For this blog, I wanted to go with the theme of ‘Luck of the Irish’ to celebrate St. Patrick’s Day. I was planning to write about my two pair of ancestors, the McKee’s and the McKay’s, who both arrived in the United States from Ireland on the same ship. Their children married and, thus started the American branch of the McKee’s. Sounds romantic, doesn’t it? Unfortunately, that is not what my research proves.
Apparently, someone kissed the blarney stone one too many times.
The McKay side of my family is actually from Scotland. Blogs about them will be at a later date.
At least the McKee’s did come from Ireland. In researching this branch, I have not found a lot of information on them, but here’s what I have found on my 5th great-grandparents.
William and Jane McKee were both born in Ireland. From their departure port, it is assumed they were from Northern Ireland, however, some have questioned this and stated that just because they sailed from there does not mean they lived in the area. There are McKee’s in other areas and it is possible they could have been from one of those areas. We may never know exactly where in Ireland they are from.
They came to the Colonies in the Brigantine Free Mason. The Free Mason (Freemason) sailed from Newry, Ireland on 27 Oct 1772, and arrived in Charleston, SC, on 22 Dec 1772. It was the last of the five ships in the emigration led by Rev. William Martin, all of which sailed in 1772. The first two sailed from Larne, the next two from Belfast, and the last one from Newry. The emigrants settled throughout western South Carolina, many in the Abbeville area. Most of the passengers left their homes because of escalating rents and the rising costs of living at home. The governor wanted to populate South Carolina, so they offered free land and a bounty to anyone willing to settle in the colony. Many responded to this offer. The bounty was discontinued in 1768, but the land grants were still in force in 1772 when this group set sail.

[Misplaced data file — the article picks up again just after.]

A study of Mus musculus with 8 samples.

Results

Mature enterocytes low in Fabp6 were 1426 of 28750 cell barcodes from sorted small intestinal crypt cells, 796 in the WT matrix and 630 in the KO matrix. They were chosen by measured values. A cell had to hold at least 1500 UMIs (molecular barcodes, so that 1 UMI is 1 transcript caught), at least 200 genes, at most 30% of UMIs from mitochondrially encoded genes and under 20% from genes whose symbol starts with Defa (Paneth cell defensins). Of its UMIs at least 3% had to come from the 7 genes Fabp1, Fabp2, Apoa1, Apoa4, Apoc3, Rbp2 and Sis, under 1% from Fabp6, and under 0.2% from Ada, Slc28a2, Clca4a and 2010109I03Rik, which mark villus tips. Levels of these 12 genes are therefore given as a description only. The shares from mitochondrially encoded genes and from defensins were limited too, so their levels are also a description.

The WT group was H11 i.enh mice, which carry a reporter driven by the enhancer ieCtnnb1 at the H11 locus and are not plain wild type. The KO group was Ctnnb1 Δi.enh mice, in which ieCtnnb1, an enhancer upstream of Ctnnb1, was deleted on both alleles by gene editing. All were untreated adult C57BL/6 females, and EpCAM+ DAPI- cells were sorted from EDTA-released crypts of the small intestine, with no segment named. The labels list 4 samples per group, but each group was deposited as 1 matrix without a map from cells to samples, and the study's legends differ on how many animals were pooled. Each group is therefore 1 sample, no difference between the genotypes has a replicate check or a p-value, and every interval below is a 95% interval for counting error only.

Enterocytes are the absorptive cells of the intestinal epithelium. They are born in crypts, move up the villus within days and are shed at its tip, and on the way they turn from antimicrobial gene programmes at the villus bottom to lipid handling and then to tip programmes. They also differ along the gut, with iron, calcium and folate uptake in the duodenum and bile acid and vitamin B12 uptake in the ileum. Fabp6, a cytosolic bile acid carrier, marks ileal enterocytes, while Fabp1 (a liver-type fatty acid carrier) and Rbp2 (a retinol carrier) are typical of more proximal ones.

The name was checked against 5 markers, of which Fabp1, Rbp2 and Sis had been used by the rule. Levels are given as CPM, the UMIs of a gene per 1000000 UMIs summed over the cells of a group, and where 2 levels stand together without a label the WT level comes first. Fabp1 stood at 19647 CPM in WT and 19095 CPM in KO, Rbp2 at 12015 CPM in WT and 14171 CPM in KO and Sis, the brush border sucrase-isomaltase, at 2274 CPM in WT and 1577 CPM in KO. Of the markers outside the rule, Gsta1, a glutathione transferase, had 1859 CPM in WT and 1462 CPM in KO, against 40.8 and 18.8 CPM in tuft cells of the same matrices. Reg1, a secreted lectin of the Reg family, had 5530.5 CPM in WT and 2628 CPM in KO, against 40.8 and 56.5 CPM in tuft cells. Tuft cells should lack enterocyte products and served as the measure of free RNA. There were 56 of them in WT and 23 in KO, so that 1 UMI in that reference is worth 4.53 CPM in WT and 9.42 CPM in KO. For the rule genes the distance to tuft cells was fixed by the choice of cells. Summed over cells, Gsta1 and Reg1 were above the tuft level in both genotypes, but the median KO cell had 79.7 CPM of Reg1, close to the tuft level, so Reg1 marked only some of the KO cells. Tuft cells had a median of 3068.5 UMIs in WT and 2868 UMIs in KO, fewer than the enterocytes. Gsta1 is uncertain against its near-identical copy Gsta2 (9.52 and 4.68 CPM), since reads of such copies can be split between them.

William McKee is listed as the head of the family and received a grant for 250 acres on 6 Jan 1773, according to the Council Journals of South Carolina. This represents 100 acres for him, and 50 each for a wife and a child, so it appears that he and Jane brought two children with them. Although the land was free, there were fees associated with the filing, surveying, recording, receiving copies of the results, and several others. These fees were quite extensive, and many of the people could not afford the fees for several years. They had to work for others during that time, to earn money to live and save for the fees. Once the fees were paid, they were awarded the tract of land, however, it was usually far from the town area, and not likely to be near other settlers. The goal of the governor of the colony of South Carolina was to get the entire area settled and having people living close together wasn’t working to that end.
I am looking for information as to whether William may have served in the Revolutionary War. So far, I have found none.
William’s birth date is unknown, but according to his grandson’s Bible, he died on 15 May 1813, SC. Jane died 23 April 1835, at age 76 years and 4 months.
Their daughter, Martha, my 4th great-grandmother, was born Feb 1798. She is listed on the 1870 Clay Co, AL census as 71, born SC and her father and mother were both of foreign birth.
Many questions remain about this family. More research is needed to pull out details of this emigration, and the family of William and Jane McKee. No matter where they originally lived, I am grateful they made the arduous trip across the wide-open seas to the colonies.